July Movies (con’t)
Anne Reid and Daniel CraigThe Mother
May (Anne Reid) is an ordinary grandmother from the London suburbs. Dedicated to her husband Toots (Peter Vaughan), she has spent her lifetime cooking, cleaning and caring for him with little thought to her own interests and beliefs. On a visit to their children?s houses in London, Toots passes away, and May finds herself on her own in a strange city with only her children to support her. She is determined not to recede into old age, so moves in with her son rather than returning to her empty house. It is here she meets, and is seduced by Darren (Daniel Craig), the much younger man who happens to be also sleeping with her daughter. May finds herself reawakened to her former interests and some desires she never thought she had.
Filmmaker Roger Michell was also behind such hits as Notting Hill and Changing Lanes. The Mother is vastly different to both these films however. The plot is reasonably simple, however the characters are complex and their stories compelling. All types of relationships are explored, between friends, siblings, lovers, partners, parents and children. What is particularly shocking is the disdain May?s two children have for her. They give her no sympathy after the death of her husband and react with complete selfishness.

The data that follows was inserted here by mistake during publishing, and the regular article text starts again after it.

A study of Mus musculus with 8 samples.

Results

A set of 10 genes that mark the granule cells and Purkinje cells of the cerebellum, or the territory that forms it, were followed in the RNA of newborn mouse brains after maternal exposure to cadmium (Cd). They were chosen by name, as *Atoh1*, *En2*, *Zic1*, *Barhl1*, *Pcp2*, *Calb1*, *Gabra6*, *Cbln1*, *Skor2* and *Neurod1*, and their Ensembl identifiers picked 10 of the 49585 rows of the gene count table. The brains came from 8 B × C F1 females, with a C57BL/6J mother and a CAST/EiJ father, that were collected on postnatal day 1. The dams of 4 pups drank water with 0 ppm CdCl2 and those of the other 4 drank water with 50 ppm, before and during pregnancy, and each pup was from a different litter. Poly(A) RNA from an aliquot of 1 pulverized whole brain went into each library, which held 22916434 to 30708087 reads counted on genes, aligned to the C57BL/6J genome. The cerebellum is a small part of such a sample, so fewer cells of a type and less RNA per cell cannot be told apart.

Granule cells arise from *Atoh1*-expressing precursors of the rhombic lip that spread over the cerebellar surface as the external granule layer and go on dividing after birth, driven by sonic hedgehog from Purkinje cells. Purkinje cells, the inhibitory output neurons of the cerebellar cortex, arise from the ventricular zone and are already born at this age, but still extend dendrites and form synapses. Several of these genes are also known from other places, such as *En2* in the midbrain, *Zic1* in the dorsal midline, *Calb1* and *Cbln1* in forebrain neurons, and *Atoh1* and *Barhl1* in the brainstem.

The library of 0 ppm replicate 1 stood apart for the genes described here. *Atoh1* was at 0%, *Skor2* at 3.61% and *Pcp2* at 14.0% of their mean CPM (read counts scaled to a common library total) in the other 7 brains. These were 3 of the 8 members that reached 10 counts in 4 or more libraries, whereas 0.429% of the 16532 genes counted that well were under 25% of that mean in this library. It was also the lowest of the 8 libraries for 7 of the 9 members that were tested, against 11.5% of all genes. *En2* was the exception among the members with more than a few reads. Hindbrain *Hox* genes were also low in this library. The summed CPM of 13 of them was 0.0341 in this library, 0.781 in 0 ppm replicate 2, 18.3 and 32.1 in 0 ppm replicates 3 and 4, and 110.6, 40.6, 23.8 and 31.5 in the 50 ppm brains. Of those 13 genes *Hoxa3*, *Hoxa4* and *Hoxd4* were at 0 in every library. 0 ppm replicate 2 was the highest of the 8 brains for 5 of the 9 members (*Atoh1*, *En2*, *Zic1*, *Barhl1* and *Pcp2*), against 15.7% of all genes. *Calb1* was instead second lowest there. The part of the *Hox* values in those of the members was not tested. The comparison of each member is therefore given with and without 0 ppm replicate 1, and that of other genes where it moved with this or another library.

If you?re looking for a film with a bit more depth, this is a perfect choice.
It?s pretty fair to say that most sequels are less memorable than the movie it proceeded. Think Grease 2 and Speed 2 Cruise Control and the point is well made. Shrek 2, however, does not disappoint. It could be said that it has more hilarious gags, better character development and more complicated animation than the first. In short, it could even be better (shock horror) than the first! The story begins with the honeymoon of Shrek (Mike Myers) and Princess Fiona (Cameron Diaz). Things couldn?t be more perfect for the pair as head back to a life together in the swamp. On their arrival, not only are they faced with the annoying (but lovable) Donkey (Eddie Murphy), but they are invited to a Royal Welcome ball by Fiona?s parents. This delights Fiona, as she feels her parents may finally accept her the way she is, but Shrek is well aware of the prejudice his appearance can cause. With trepidation they head to Far Far Away (which happens to be a hilarious spoof of Hollywood) and the fun begins. You will laugh yourself to tears as Shrek, Donkey and their new friend Puss In Boots (my new hero Antonio Banderas) try to win over Fiona?s parents and their kingdom. You wouldn?t think it in a cartoon, but this film contains so many takeoffs and references, you may need to see the film a few times just to pick up on it all.